Navy issues new shore energy policy to achieve energy security goals

KINGSVILLE, Texas (Oct. 28, 2010) Capt. Mark McLaughlin, commanding officer of Naval Air Station Kingsville, left, listens as public works officer Cmdr. Troy Hamilton explains how the Advanced Metering Infrastructure program smart meters operate. The meters will help the command track electrical use and manage energy consumption. (U.S. Navy photo by Jon Gagne/Released)

Navy issues new shore energy policy to achieve energy security goals

by: Chief of Naval Operations Shore Readiness Division | .
U.S. Navy | .
published: July 11, 2012

WASHINGTON (NNS) -- The Navy issued a new energy policy that will drive energy consumption reduction at all Navy installations, transform the shore energy culture and seek new or existing technical solutions for reducing energy, officials announced July 10.

The Shore Energy Management Instruction signifies a complete revision from the previous version published in 1994.

The instruction codifies Navy's policy and strategy to ensure energy security as a strategic imperative, meet federal mandates and executive orders, and achieve Department of the Navy (DoN) shore energy goals.

Since naval forces require constant support from shore installations, Navy is mitigating its vulnerabilities related to the electrical grid - such as outages from natural disasters and man-made events - by lowering consumption, integrating renewable energy sources and increasing control of energy supply and distribution. Energy reliability, resiliency and redundancy are essential components of the Navy's Critical Infrastructure Protection program.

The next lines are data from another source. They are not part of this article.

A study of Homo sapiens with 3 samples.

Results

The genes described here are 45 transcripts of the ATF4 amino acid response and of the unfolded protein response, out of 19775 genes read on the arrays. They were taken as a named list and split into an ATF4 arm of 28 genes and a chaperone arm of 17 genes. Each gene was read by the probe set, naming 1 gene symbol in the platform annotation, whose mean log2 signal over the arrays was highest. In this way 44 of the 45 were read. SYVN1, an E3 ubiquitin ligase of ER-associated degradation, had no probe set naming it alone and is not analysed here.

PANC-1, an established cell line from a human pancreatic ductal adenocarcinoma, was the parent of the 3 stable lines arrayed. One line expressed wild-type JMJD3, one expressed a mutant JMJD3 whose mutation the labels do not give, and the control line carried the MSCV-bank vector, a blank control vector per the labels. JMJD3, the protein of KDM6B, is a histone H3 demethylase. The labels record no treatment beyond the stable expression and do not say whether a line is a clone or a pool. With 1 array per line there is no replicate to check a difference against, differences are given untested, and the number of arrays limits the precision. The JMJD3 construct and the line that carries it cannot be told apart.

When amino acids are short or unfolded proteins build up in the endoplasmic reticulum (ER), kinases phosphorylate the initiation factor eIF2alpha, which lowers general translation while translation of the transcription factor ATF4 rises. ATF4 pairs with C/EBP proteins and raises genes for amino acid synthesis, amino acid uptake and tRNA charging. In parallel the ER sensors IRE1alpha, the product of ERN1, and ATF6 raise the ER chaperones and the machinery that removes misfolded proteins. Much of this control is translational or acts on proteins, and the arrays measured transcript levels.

"Energy security is critical because warfighters need assured access to reliable supplies of energy to meet operational needs afloat or ashore," said Deputy Chief of Naval Operations for Fleet Readiness and Logistics, Vice Adm. Phil Cullom. "This instruction is just one example of how we are driving a spartan energy ethos in our shore operations. We are committed to cost-effectively achieving our energy goals by pursuing energy efficiency, transforming our energy culture, and integrating renewable energy technologies, where viable."

The revised instruction includes specific responsibilities and actions that commands and personnel ashore must take in implementing the Navy Shore Energy program. For example, each Navy installation will have a tailored energy consumption reduction goal based on its unique energy situation. By increasing energy efficiency, Navy can reduce operating costs, multiply the impact of current and future alternative energy sources and achieve DoN renewable energy targets.

Secretary of the Navy Ray Mabus laid out five aggressive energy goals in October 2009 to improve energy security and efficiency afloat and ashore and increase our energy security.

To review the instruction, visit http://greenfleet.dodlive.mil/files/2012/07/OPNAVINST-4100.5E.pdf.

For more information about the Navy's Energy Program, visit www.greenfleet.dodlive.mil or www.facebook.com/navalenergy.

For more news from Chief of Naval Operations Energy and Environmental Readiness Division, visit www.navy.mil/local/n45/.